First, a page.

SHOULD Scotland be an independent country? Simple question. Simple answer: Yes. Is Edinburgh up to the job of being the newest capital of an independent country? Most definitely.
It’s not a city of pomp and circumstance. It is place of quiet quality. We enjoy a very international mix of people and outlook among our small number.
Sometimes you have to pause and soak in the sheer world-class beauty of the place. I step out of my office on North Castle Street and turn left to look across to Fife and right to view the wonder of the Castle.
This is a special place and the world will have its eyes on it tomorrow. Will the people of Scotland embrace hope and place enduring power into their own hands? Or will they be cowed by the wall of “can’t” from London telling us not to dare?
If you trust in the strategy of fear laced with pledges of more power made from Messrs Cameron, Clegg and Miliband with hours to go, then you will have only yourself to blame. We’ve heard this song before. Mr Clegg once pledged not to put up tuition fees and could only sing “sorry” for that.
The choice we make is take a chance on getting policies we need from Whitehall and Westminster from a government we tend to elect less than half the time. Or trust ourselves.
The choice we make is about shifting the administration of government from a market in central London where offices costs ten times as much as Edinburgh and the labour market is amongst the costliest in the world. Or spending our hard-earned money on government closer to the people with the knock-on benefits of being the capital enjoyed here in Edinburgh and spread throughout the land.
Imagine the buzz this city will ring with. Government functions will create jobs, diplomatic missions from abroad will do also. International companies will set up subsidiaries here. Visit Vienna, Copenhagen or Oslo and you will get tangible sense of what I mean.
It’s a normal thing for countries, independence – 142 other nations have chosen that path since the war and joined the United Nations. None of them have chosen to go back the way. Funny that. Self-responsibility and self-reliance enriches us as people and, I believe, as societies too.
Scotland makes this choice with more wealth at our disposal and more information than any of those countries did when they chose it. We also have much of the machinery of running a country already in place.
As an economy, we have possibly the finest starting point any country has ever enjoyed when making this choice. For a small country of five million people we have got so much going for us in terms of the natural, economic and human resources at our disposal.
We have problems, yes of course, many inherited from the current system of centralised government from Whitehall and Westminster such as colossal national debt beggaring future generations. But we will have to fix the problems we inherit and face them on our terms and in our way with a government we elect every time, focused on the Scottish interest, every day.
That is the core democratic point that is at stake. Do we trust ourselves to choose leaders that will be better at governing us than the ones we have from Whitehall and Westminster now?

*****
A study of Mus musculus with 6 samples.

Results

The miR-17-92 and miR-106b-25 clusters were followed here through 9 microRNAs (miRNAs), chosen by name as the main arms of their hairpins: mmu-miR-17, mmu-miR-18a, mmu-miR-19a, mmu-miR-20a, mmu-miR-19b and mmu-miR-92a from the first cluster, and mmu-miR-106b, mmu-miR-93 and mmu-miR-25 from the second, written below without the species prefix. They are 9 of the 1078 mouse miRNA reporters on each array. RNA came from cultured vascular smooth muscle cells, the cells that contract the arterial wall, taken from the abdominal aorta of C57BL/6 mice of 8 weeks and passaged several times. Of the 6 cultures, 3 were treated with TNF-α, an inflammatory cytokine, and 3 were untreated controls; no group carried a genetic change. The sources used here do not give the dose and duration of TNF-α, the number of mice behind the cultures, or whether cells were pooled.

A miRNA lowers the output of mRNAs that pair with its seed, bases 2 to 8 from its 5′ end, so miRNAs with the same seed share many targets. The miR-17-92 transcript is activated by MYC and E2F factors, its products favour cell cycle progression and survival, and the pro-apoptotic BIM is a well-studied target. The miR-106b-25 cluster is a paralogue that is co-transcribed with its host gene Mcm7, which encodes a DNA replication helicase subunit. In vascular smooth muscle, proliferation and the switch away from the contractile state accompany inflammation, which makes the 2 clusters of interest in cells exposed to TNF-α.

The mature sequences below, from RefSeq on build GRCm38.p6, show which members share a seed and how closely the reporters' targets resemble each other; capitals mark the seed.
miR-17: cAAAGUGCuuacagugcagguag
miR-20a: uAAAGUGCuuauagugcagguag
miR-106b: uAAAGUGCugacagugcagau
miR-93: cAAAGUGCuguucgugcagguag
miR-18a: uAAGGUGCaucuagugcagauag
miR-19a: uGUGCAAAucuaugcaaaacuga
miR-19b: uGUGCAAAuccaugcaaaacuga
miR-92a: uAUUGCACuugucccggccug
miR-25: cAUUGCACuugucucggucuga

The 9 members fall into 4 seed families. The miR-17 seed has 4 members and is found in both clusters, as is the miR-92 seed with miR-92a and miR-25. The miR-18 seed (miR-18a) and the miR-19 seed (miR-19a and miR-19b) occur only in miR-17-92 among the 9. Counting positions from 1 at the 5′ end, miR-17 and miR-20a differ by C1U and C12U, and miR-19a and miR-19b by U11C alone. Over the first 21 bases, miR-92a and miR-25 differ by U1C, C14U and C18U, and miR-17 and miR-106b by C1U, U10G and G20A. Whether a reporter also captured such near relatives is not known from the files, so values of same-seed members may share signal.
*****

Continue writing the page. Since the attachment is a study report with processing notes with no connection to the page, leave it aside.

The British model of government has run its course. That is not to say the ties that have been built up over 300 years and more shouldn’t be celebrated and nurtured. Of course they should. We should have the closest relationship of any countries anywhere. We have been through too much together for too long for it to be any other way.
This is not about Britishness or Scottishness, it is about how we choose to govern ourselves. You can be a proud Scot and vote No and be passionately British and vote Yes.
The derisory and risible campaign for No asks us to believe that a wall will be erected around Scotland and pestilence and famine will stalk the land if we make the same choice as two countries have, on average, each year since the war. They peddle fear when all the people want and need is hope.
In truth, we want no borders and to maintain a free and open market not just with the rest of the UK but with the rest of Europe. Our intelligence is insulted at the suggestion it would be different but that didn’t stop Ed Miliband saying he would put soldiers at the border before backtracking embarrassed at the reaction.
Crucially we want to maintain and grow the ties of family, history and culture under a shared Queen and with an enduring shared currency and hopefully many other shared institutions as well.
“That’s not independence” scoffs the No campaign. Well France and Finland seem to regard themselves as independent. Of course all countries must pull together to address shared goals.
It’s the new terms on which we share with the rest of the world and most closely with England Wales and Ireland that we vote on tomorrow.
This city historically embraced the idea of Britain, indeed it went a long way to inventing it. It is now time for it to open a new chapter – part of a family of nations but fully empowered like the near 200 other capitals across the globe.
This is no free lunch, no easy street, nothing will be for nothing. All countries face tough times in a turbulent world at present. Do we trust ourselves to lead ourselves through it or will we hand that opportunity back to David Cameron and whoever comes next?
Edinburgh has what it takes to lift its chin a little higher as a city at the heart of a new country. The possibilities are endless. Let’s do this friends.